To Hedge or Not to Hedge the US Dollar? (Part 1 of 6)Daniel Gamba highlights key implications for investors in a stronger dollar environment by taking a closer look at how iShares Currency Hedged ETFs can potentially help cushion the impact of currency risk.
The U.S. dollar is on a tear – it hit an 12 year high against the euro recently and a seven and a half year high against the yen earlier this month, according to Bloomberg. This is great news if you travel outside the U.S. For example, if you went to Europe, your 4-euro cup of coffee costs you $3.80 versus $5.50 a year ago. (In that time, the exchange rate went from $1.37 per euro to $1.06).
The graph above shows the historical euro-US dollar and US dollar-yen charts. The euro peaked against the US dollar during the financial crisis. Since then, it fell due to the deterioration in the European economy (EZU)(VGK). Lately, the euro slumped considerably against the US dollar. This was due to softening economic growth and geopolitical issues including Russia-Ukraine and Greece (GREK). It slipped down further since the announcement of QE (quantitative easing).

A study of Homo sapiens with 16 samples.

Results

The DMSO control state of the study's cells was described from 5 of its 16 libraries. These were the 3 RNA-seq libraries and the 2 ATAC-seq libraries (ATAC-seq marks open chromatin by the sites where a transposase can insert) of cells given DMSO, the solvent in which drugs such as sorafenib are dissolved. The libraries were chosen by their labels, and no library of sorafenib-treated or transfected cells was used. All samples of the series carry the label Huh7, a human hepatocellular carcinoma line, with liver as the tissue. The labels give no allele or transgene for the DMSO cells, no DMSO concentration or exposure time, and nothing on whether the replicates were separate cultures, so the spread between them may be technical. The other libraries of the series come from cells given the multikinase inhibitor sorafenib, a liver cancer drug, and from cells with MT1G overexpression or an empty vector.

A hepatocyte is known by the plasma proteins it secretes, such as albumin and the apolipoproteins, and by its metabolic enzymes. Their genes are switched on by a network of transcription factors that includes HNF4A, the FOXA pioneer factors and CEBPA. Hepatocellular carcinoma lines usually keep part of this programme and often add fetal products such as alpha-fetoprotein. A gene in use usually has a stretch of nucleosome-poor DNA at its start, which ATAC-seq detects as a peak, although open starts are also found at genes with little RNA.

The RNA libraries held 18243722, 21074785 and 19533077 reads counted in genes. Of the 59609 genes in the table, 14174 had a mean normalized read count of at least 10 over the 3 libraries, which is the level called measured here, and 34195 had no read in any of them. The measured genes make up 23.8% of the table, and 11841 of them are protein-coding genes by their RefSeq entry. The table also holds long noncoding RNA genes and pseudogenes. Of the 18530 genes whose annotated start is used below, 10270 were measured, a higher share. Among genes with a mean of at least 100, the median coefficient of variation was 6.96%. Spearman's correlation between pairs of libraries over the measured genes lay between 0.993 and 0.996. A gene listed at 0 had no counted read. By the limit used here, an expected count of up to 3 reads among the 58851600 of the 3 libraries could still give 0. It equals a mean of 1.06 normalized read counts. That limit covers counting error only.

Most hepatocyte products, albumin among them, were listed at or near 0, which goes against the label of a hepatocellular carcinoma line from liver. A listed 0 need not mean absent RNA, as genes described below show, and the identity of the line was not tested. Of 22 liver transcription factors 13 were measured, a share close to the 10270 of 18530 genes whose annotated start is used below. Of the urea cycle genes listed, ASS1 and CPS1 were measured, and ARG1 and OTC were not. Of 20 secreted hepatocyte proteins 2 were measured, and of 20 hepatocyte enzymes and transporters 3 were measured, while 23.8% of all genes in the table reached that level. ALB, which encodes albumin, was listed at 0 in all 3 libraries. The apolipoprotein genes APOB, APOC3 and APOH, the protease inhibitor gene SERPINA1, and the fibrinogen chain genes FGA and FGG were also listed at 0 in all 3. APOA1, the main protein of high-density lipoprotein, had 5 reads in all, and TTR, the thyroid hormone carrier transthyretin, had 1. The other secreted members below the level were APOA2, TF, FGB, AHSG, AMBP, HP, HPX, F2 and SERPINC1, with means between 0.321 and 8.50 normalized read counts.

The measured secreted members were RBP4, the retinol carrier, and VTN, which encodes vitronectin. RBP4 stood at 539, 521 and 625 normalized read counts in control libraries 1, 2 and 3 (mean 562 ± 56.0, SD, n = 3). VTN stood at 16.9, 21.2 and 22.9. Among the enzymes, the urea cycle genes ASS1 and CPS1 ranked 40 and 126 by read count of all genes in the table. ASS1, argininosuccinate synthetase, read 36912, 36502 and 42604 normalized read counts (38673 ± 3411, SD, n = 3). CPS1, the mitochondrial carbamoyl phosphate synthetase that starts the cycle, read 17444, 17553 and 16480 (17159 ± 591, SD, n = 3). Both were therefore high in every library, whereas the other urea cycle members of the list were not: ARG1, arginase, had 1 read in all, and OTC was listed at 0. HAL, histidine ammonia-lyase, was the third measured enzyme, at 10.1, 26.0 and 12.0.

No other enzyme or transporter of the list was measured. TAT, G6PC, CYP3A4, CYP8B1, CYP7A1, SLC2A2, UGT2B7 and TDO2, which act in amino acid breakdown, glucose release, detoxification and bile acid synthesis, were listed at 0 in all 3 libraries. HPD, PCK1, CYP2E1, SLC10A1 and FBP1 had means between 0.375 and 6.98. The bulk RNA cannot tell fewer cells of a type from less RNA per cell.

The Japanese yen also weakened since September 2012. The BoJ (Bank of Japan) started pumping liquidity into the Japanese economy (EWJ). Since then, the yen depreciated from 77.8 yen per US dollar to 121.3 yen per US dollar.
The disparity in growth rates and central bank policies is causing the US dollar to strengthen against most of the major currencies. This will be discussed at length in Part 3 of this series.
The Dollar Index (UUP) gained a whopping 22% since July 2014. This year, the index is already up by 8.1%. The stronger US dollar is a huge headwind for large-cap stocks (SPY)(OEF). This could mean that small-cap US stocks (IWM), focused in the US, could outperform large caps.
The rest of this series will focus on the impact of a stronger US dollar on international investments.